Mobile Applications

YellowPepper heats up LatAm m-payments

Serge Elkiner’s story epitomises the way that globalisation is creating opportunities for technology entrepreneurs. Born in the Belgian capital of Brussels, Elkiner went to university in Boston in the US, worked at an Israeli company but today is the CEO of Miami-headquartered, Latin America-focused mobile banking and payments company YellowPepper.

He co-founded the company in 2004 and, having an Ecuadorean wife and college friends from the region, says he saw the opportunity to focus on countries like Ecuador, Mexico, Bolivia, Colombia and Peru rather than joining the scrum of competitors in North America. Today, YellowPepper handles 30 million transactions per month by five million users.

Introduced last year, YellowPepper’s Yepex mobile wallet was developed with local banks and processors as a secure way for sellers to reuse current infrastructure – namely, point-of-sale terminals – to conduct mobile payments via a randomly generated six-digit token that appears on buyers’ mobile phones. Payments are then processed in the style of a credit card and the solution is good for the banks, consumers and traders YellowPepper serves, Elkiner says, providing security and convenience.


Elkiner sees an opportunity to change the payments culture of LatAm but also benefits from a relatively simple way to address markets.

“Ten years ago it was clear to me that it was an underserved market,” he tells me over the phone. “Also, there only tend to be one or two processors per country - and they also handle merchant services - versus the thousands in the US.”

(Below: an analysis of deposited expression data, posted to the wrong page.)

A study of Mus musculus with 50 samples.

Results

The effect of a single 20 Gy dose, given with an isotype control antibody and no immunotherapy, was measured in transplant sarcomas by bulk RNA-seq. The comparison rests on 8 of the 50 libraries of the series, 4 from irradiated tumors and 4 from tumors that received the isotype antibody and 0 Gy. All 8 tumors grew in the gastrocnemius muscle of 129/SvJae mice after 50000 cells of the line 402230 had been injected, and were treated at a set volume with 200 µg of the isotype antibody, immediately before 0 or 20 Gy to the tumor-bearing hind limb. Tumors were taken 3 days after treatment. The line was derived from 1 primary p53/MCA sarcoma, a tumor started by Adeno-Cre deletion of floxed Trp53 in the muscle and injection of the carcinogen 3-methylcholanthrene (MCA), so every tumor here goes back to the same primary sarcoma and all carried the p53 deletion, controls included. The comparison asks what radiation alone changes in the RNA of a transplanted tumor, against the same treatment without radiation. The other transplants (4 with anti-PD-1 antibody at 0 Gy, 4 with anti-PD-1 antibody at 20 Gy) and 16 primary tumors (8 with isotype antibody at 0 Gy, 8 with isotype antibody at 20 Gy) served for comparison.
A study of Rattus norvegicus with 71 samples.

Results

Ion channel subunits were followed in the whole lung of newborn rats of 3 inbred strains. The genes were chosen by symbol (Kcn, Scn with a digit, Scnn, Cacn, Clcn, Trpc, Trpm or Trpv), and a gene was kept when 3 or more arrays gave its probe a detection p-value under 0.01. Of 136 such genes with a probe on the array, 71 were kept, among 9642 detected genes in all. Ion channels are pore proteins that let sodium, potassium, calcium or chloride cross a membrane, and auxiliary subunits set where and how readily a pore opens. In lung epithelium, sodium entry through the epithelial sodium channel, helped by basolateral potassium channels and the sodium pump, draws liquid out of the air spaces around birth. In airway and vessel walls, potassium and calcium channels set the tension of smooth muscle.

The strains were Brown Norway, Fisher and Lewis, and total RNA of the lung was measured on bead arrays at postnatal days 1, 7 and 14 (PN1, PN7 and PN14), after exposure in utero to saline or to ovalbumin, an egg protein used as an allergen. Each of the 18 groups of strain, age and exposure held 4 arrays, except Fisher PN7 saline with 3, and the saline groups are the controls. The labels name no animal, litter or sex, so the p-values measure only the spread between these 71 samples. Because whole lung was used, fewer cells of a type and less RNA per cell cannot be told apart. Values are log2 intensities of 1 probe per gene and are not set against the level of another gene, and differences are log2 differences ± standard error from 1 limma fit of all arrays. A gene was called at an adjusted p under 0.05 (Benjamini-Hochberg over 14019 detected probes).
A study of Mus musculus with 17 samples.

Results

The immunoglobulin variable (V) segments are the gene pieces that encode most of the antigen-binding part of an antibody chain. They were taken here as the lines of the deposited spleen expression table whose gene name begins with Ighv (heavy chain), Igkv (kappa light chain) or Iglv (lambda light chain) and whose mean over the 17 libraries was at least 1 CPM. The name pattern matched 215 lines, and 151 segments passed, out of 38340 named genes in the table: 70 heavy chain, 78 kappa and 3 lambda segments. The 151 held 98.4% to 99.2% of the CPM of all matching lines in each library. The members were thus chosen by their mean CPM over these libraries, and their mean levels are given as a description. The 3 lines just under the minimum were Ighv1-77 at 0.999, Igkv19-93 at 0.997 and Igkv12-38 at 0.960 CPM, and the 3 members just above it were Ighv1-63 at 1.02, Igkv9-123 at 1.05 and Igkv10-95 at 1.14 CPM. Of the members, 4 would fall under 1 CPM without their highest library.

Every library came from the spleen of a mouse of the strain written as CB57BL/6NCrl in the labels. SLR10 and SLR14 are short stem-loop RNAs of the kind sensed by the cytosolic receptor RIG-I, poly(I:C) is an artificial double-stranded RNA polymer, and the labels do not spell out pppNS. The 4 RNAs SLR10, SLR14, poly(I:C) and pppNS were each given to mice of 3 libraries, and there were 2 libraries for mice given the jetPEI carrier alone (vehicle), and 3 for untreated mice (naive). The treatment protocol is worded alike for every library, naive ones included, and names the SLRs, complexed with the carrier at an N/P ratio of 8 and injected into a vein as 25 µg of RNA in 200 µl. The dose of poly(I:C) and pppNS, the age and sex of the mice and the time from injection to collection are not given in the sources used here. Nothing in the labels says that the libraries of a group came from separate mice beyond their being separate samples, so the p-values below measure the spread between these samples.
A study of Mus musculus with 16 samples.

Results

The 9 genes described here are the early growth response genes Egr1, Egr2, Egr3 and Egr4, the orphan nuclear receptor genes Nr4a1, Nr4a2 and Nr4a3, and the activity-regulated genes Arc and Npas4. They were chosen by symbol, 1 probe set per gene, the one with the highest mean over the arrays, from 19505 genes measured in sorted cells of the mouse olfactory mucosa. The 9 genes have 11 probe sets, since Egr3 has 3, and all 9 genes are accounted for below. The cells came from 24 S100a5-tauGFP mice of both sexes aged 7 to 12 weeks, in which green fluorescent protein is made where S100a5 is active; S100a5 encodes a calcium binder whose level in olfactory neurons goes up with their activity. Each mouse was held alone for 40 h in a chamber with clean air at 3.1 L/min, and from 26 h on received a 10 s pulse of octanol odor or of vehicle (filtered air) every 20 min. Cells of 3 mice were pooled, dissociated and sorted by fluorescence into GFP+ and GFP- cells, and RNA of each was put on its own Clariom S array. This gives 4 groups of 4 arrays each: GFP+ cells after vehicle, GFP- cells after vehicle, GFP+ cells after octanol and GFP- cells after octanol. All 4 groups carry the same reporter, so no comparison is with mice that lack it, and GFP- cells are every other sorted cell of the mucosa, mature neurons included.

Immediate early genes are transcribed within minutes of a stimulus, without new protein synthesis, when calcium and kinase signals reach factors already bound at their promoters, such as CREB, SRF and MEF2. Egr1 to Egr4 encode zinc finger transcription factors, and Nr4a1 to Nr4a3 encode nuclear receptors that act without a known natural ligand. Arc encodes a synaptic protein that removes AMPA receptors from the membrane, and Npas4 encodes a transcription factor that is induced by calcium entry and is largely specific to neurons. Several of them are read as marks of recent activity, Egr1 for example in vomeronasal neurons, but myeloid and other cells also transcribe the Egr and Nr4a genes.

He appears unfazed by the advent of Apple Pay or established digital payment methods.

“PayPal is in Mexico and Colombia while iPhone is only 20% of the market here and most of that isn’t the iPhone 6 Apple Pay generation. We feel like we have a first-mover advantage in physical stores and 90% of transactions are local.”

Having banked $34m in funding, YellowPepper is focused on expanding across Latin America, for example in Chile and Brazil.

“We have the 200-pound gorilla in Brazil and Mexico is the 150-pound gorilla,” Elkiner says.

Argentina will also follow but “there are 40 million Argentinians and I need people, not a large economy because that doesn’t help me”.

More fundraising is likely and Elkiner says he is not even thinking about an exit strategy. Instead he hopes to build a company of lasting value in the region, like MercadoLibre, the Amazon-like web store he admires.

Elkiner has a busy life, living in the US but visiting the countries YellowPepper is in from Mondays to Thursdays. He speaks accent-free Spanish, says he feels “like a Latin American” and encourages other entrepreneurs to follow his lead and chase opportunity in emerging economies.

“More and more people are realising it’s a huge continent and a green-field opportunity,” he adds.

And finally, why the name ‘YellowPepper’?

“That’s a very good question,” he says with the dry timing of a comedian about to deliver a trusted punchline. “‘Apple’ was taken.”


« Interview Mocha: A 'Slumdog entrepreneur'


Kansas American football team adopts tech mouthguards »
Martin Veitch

Martin Veitch is Contributing Editor for IDG Connect

  • twt
  • twt
  • Mail

Recommended for You

Trump hits partial pause on Huawei ban, but 5G concerns persist

Phil Muncaster reports on China and beyond

FinancialForce profits from PSA investment

Martin Veitch's inside track on today’s tech trends

Future-proofing the Middle East

Keri Allan looks at the latest trends and technologies


Do you think your smartphone is making you a workaholic?